College appoints new provost

College+appoints+new+provost

Ian Morse

S. Abu Turab Rizvi

Courtesy of S. Abu Turab Rizvi

A presidential search committee and a 9-month process culminated with Abu Rizvi’s appointment to provost beginning in January.

After a nine-month search, the college announced last week that it had selected S. Abu Turab Rizvi, a former economics professor at the University of Vermont, to become Lafayette’s new provost, effective January 2015.

“I’m really excited about joining Lafayette,” Rizvi, formerly the dean of the honors college at Vermont, wrote in an email. “Lafayette has an outstanding reputation and the possibility of leading its academic program…was very attractive to me.”

“Rizvi was very warmly received by the community,” President Byerly, chair of the Provost Search Committee, said. “People felt he had a wonderful combination of administrative experience, scholarly interest, and a real understanding of what a liberal arts college is.”

Rizvi has taught at UVM since 1987 and specializes in microeconomics, ethics, and game theory, and said that he finds Lafayette his next logical destination.

“I share the campus’s enthusiasm for its ongoing goals and the new directions Lafayette is conceiving under President Byerly’s leadership,” Rizvi wrote in an email. “Because of [my] longstanding commitment toward liberal education coming to Lafayette seems natural to me.”

Some of Rizvi’s actions at his previous university are similar to current projects at Lafayette, such as that to create curricula to engage in active learning. Rizvi uses his position in administration to reach out to students in different ways.

“For me, administration is another way of being an educator,” Rizvi wrote in an email.

Byerly recalled that the search committee spent about a month deliberating the description of the position.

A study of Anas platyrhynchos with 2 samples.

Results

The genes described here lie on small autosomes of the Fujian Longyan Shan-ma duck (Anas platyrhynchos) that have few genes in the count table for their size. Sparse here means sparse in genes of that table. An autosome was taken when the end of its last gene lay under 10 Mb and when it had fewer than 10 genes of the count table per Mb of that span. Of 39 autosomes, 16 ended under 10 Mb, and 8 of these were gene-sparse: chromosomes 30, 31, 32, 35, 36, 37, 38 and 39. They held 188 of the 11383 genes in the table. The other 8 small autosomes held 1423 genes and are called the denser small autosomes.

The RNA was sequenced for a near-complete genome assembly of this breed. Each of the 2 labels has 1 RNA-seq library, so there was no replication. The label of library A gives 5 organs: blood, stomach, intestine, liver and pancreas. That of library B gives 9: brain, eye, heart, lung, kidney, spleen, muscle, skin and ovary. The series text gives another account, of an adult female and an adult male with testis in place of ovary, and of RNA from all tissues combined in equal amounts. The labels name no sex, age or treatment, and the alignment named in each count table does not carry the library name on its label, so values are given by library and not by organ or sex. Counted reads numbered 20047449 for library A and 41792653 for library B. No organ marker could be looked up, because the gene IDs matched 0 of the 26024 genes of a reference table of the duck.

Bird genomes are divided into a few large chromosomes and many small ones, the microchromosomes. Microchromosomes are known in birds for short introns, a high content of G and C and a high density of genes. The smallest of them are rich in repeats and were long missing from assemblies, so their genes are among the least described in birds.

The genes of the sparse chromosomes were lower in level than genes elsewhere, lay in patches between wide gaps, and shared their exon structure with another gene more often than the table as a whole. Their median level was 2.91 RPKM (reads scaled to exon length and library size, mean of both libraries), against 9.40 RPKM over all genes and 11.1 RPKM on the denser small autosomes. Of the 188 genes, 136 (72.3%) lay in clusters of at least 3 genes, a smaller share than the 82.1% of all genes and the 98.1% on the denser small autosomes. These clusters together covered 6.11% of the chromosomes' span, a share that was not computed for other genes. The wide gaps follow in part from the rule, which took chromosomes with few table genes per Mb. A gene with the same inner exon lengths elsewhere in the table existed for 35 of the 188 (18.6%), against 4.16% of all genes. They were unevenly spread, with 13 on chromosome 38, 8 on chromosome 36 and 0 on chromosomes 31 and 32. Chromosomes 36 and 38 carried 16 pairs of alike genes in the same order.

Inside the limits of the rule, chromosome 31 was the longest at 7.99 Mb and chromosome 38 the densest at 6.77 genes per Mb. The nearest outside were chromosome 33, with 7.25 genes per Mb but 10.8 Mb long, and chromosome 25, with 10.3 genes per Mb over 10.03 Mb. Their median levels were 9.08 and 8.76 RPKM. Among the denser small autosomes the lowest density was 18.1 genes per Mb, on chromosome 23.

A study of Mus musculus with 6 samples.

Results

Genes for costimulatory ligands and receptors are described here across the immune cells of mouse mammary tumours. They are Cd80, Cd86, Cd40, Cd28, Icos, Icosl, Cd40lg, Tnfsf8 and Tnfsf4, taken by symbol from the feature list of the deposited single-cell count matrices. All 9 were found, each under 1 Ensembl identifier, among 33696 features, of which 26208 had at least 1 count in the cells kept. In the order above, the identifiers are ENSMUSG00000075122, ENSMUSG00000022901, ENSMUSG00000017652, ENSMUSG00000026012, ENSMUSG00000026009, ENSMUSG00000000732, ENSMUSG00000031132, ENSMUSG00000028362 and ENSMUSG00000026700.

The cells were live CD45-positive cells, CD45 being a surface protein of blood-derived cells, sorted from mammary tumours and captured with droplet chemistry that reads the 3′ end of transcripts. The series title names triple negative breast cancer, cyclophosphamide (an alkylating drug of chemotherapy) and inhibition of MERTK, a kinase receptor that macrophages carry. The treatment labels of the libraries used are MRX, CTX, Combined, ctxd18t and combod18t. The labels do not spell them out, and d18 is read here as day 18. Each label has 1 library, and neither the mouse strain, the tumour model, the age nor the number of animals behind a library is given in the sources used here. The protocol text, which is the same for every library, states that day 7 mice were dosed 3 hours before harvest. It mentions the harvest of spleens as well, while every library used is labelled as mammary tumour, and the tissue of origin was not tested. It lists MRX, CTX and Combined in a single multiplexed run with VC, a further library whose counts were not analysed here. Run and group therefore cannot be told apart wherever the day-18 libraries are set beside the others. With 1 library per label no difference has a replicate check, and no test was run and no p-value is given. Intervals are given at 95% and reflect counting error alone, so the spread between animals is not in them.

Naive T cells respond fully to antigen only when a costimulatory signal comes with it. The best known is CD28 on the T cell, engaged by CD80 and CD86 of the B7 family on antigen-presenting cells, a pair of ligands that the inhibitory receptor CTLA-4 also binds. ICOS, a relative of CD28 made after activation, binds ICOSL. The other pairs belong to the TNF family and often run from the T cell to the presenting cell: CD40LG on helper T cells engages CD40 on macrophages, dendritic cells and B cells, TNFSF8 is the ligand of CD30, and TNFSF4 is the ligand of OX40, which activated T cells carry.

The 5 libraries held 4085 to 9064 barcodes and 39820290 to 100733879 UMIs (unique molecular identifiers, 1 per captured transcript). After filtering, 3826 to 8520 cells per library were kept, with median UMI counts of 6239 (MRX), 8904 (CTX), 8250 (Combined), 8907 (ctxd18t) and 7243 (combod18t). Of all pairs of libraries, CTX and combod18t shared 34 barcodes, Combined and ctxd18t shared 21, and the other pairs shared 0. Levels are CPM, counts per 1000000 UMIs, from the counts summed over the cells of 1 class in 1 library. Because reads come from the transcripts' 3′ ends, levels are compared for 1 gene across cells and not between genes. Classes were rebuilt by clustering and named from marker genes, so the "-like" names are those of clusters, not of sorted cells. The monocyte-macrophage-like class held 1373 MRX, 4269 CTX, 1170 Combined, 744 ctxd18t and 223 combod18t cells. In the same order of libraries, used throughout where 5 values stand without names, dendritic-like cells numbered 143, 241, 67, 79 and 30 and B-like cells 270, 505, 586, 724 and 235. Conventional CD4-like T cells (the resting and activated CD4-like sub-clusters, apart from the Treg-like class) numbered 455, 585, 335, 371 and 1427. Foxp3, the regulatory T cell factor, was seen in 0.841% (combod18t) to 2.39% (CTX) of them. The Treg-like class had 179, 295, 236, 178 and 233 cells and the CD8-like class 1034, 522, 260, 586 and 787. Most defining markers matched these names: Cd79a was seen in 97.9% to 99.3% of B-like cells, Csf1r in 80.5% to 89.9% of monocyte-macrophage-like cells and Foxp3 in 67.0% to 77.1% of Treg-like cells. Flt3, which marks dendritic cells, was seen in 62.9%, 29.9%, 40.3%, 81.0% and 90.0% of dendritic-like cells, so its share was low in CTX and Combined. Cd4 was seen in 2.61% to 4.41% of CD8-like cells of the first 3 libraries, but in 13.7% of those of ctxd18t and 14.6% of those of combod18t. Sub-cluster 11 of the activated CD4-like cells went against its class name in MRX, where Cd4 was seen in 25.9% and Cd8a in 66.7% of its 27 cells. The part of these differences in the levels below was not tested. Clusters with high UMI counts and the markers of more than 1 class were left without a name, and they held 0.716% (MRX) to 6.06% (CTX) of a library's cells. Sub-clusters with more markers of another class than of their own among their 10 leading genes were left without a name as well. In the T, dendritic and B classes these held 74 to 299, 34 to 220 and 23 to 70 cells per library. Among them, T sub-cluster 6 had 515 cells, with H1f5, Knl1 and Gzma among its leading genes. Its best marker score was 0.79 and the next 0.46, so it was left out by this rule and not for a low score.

“The provost search was in many ways the most elaborate of the several search processes that we’ve undertaken over the last two months,” Byerly said.

The committee was looking for qualities in a provost that would fit with the college, including commitment to education, communication and administrative abilities, and scholarship that would worthy of a tenured position.

Byerly said she sees Rizvi’s experience in at Vermont as one that gave him a clear understanding of a liberal arts school, although Vermont’s student body is much bigger.

“[Rizvi] has the experience of being in a larger environment…but as one who was overseeing the honors college within the university…that was an intensive experience of a liberal arts education,” Byerly said.

Rizvi is currently writing a book about creating a meaningful liberal arts education for students with uncertain futures.

“My writing is based on teaching and talking with students and their professors,” Rizvi wrote in an email. “I hope that having considered what makes for a good education I’ll be a more thoughtful and informed participant in conversations at Lafayette.”

James Klimek, a member of student government, represented the student body in the committee and believed they were searching for someone with administrative experience that Lafayette could not offer.

“My predominant job was to serve as the student voice,” he said. “We wanted someone with administrative experience that surpassed what anyone on campus had, as I understood.”

The Provost Search Committee was comprised of Byerly, four faculty members, four administrators, two hired consultants, one trustee and James Klimek ’15.

Rizvi will enter his position in the college on January 20, 2015.

The previous provost, Wendy Hill, announced that she was leaving to become the head of the Agnes Irwin school in Rosemont, PA last December.